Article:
It can be disorienting to imagine your favorite cartoonist's works hanging in a museum. How do you preserve the intensely private and intimate experience of reading a graphic novel, for instance, when its individual pages have been posted on bright white museum walls?
But as Vanessa Davis recently noted of the sprawling exhibition currently on display at The Jewish Museum, titled Art Spiegelman's Co-Mix: A Retrospective, in this case the grouping, and in particular the section of the exhibition dedicated to Maus, "adds something that the book couldn't do." As she explained, the carefully mapped out pages of Spiegelman's graphic memoir, now installed in perfect rows—sometimes alongside sketches, thumbnails, or other related media—visually evoke the timeline that the cartoonist worked so carefully to piece together in his memoir.
Davis's observation opened a one-hour gallery talk that she gave to an audience of about thirty people last Thursday evening, which was part of an event series called "Writers and Artists Respond." She recalled first reading Maus at twelve or thirteen years old, a time when, she said, "I saw my Jewish self and my artistic self as something different." It took a while for her to recognize that you could be an artist who writes about your Jewish self without necessarily being relegated to the margins. "When you access your past, it's bigger than you," Davis later added, noting the tremendous influence that Spiegelman's work—including but certainly not limited to Maus—has had on cartoonists and artists from all walks of life. She described Spiegelman's work as "unsentimental, elegant, and serious" not despite but because he uses comics to tell stories.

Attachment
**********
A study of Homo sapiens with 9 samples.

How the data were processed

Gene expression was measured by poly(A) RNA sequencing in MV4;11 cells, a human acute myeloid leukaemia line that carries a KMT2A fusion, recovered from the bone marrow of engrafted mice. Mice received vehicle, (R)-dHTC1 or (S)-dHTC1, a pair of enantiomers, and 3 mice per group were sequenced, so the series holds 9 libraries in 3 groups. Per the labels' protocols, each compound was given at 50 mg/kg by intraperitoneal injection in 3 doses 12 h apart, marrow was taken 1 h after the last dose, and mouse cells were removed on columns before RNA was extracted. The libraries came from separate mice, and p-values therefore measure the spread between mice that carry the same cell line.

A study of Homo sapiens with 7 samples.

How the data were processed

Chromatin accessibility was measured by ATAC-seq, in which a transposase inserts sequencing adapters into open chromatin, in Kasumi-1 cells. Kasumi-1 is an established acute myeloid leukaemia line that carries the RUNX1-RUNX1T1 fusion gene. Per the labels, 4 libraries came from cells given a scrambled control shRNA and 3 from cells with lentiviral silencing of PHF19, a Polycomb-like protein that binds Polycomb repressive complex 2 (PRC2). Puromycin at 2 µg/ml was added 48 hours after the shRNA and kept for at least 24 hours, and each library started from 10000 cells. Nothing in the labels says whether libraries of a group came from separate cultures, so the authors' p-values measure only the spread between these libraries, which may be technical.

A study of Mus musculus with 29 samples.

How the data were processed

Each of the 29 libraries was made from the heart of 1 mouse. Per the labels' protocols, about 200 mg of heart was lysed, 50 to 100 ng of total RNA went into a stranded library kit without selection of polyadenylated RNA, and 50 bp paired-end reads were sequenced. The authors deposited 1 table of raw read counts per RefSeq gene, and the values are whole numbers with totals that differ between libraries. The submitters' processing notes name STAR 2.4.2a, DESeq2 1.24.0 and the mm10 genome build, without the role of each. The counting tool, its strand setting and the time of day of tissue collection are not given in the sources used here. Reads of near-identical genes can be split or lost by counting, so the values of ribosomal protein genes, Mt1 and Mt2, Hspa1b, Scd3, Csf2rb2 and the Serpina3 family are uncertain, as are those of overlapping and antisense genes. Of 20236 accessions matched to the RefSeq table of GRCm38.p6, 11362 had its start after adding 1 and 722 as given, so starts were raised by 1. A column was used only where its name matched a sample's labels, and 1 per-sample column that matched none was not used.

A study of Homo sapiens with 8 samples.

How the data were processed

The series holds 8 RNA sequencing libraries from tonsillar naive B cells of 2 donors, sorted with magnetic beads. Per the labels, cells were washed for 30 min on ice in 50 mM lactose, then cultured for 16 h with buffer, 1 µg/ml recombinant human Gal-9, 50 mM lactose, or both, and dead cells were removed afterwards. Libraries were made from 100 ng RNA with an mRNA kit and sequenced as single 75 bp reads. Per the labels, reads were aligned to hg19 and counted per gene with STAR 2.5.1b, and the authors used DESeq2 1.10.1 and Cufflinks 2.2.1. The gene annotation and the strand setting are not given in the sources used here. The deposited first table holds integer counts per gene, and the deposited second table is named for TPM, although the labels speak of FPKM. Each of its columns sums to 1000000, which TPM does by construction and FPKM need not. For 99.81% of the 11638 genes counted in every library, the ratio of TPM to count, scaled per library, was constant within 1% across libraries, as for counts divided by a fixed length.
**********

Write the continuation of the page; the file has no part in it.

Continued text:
Throughout the evening, Davis walked the group through the various parts of the exhibition, which includes works from Spiegelman's early "underground" days to his New Yorker covers and books written for kids. She lingered over the famous and controversial New Yorker cover from 1992, of a Hasidic man kissing a black woman. When you're creating a cartoon, she explained, unlike, for example, a photo-journalist, "you don't have to be realistic." Spiegelman's work successfully captures small moments even as he touches on big events, allowing his readers to vicariously experience a "personal and immediate proximity" to whatever he's addressing.
Davis's own comics, which have been collected in Spaniel Rage (Buenaventura Press, 2005) and, more recently, the gorgeous, oversized hardcover titled Make Me a Woman (Drawn and Quarterly, 2010), tackle what she calls "my small life"—but her work, like Spiegelman's, resonates beyond the particular moments and personalities that she portrays on the page. "That's what comics is about—compartmentalizing," she explained, describing the ways that Spiegelman manages to pack information into every inch of the page much like his father insisted on packing every article of clothing into an already overflowing suitcase. Davis too seems to have been influenced by this sentiment, though in a different way. "I like writing autobiographically and in small snippets," she said at one point, referring in part to her diary comics.
Viewing the exhibition with Davis as a thoughtful and inspiring guide reinforced the sense that seeing particular pieces of art on display can add depth to our understanding of them. There is a different kind of intimacy involved in weaving in and out of a crowd gathered to celebrate an artist and his works. It reminds you that your individual experience with a piece of art— of reading, or looking, or listening— is always, in fact, "bigger than you."
Tahneer Oksman recently received her PhD in English Literature at the Graduate Center at CUNY. She is currently at work on a manuscript on Jewish women’s identity in contemporary graphic memoirs.